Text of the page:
Even many state lawmakers recognize that the state Legislature is far too large. With 203 representatives and 50 senators, it is the second largest in the land and, by far, the largest full-time legislature.

Lawmakers' base pay is more than $84,000, and they receive a luxurious benefit package including health coverage and pensions that are unheard of in the private sector.

And in the age of instantaneous mass communications, the argument that reducing the size of the Legislature would diminish democracy doesn't fly. California, for example has three times as many residents as Pennsylvania, about 39 million, and more than 3.5 times as much territory, but fewer than half as many legislators - 80 representatives and 40 senators.

It is progress, then, that the Senate State Government Committee this week will consider two bills to shrink the size of the General Assembly.

One, sponsored by retiring House Speaker Sam Smith and passed by the House in December, 148-50, would reduce the House from 203 to 143 members.

The other, an amendment to a bill introduced by Sen. Elder Vogel, a Beaver County Republican, would reduce the Senate from 50 to 45 seats.

The committee instead should take up Mr. Vogel's original bill, which would reduce the House by 82 seats and the Senate by 20 seats.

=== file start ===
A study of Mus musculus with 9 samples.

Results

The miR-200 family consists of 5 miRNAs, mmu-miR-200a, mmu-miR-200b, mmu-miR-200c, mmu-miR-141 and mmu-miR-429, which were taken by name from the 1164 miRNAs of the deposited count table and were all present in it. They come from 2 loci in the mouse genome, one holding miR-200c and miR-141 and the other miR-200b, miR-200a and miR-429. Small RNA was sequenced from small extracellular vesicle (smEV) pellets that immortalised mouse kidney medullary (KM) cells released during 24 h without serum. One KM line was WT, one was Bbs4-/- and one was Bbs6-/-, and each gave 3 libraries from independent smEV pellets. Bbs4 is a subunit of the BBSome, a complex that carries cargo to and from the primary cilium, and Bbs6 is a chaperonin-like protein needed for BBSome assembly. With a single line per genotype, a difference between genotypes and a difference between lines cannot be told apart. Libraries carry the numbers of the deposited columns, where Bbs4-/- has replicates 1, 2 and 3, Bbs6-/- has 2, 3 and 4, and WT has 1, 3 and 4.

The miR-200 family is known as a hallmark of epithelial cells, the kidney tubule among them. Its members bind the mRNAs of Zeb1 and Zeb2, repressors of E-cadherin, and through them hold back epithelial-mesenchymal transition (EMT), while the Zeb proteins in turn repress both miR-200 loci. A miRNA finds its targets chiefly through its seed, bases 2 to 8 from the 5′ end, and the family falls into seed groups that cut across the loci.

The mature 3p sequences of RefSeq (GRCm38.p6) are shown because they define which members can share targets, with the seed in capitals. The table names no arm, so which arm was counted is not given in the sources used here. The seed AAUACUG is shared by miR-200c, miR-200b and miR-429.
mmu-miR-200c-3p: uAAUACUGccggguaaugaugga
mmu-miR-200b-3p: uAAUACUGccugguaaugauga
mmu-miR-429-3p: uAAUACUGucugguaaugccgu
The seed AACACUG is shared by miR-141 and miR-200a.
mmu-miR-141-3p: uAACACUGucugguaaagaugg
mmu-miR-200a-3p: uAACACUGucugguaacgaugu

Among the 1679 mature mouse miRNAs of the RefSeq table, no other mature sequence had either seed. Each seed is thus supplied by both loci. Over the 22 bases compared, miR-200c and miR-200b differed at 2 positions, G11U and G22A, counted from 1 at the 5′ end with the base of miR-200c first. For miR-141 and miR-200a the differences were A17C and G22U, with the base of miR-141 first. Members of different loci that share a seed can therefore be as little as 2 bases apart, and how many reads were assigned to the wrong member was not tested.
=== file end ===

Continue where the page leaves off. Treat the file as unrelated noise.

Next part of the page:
Action is needed soon because the reductions would have to be in place prior to redistricting following the 2020 census. Change requires a state constitutional amendment, which requires passage in two consecutive legislative sessions followed by a statewide referendum.

The current session ends this year. If lawmakers don't approve the change by the end of the year, the earliest that it could pass would be 2017. If it doesn't pass by the end of 2018, the state will have a bloated Legislature at least until 2032.

Lawmakers should they should embrace the change as a political matter because the public favors it. And, it would not affect most of them, career-wise, because the smaller legislature would not be in place until 2022.

The Legislature also needs to act because it needs to establish a related reform. A smaller Legislature would mandate significant redistricting. That process now is a shameful exercise in gerrymandering for political advantage, under the control of the Legislature itself.

While reducing the size of the General Assembly, its members also should ensure fair elections and better long-term governance by abolishing gerrymandering in favor of a truly independent, apolitical redistricting process.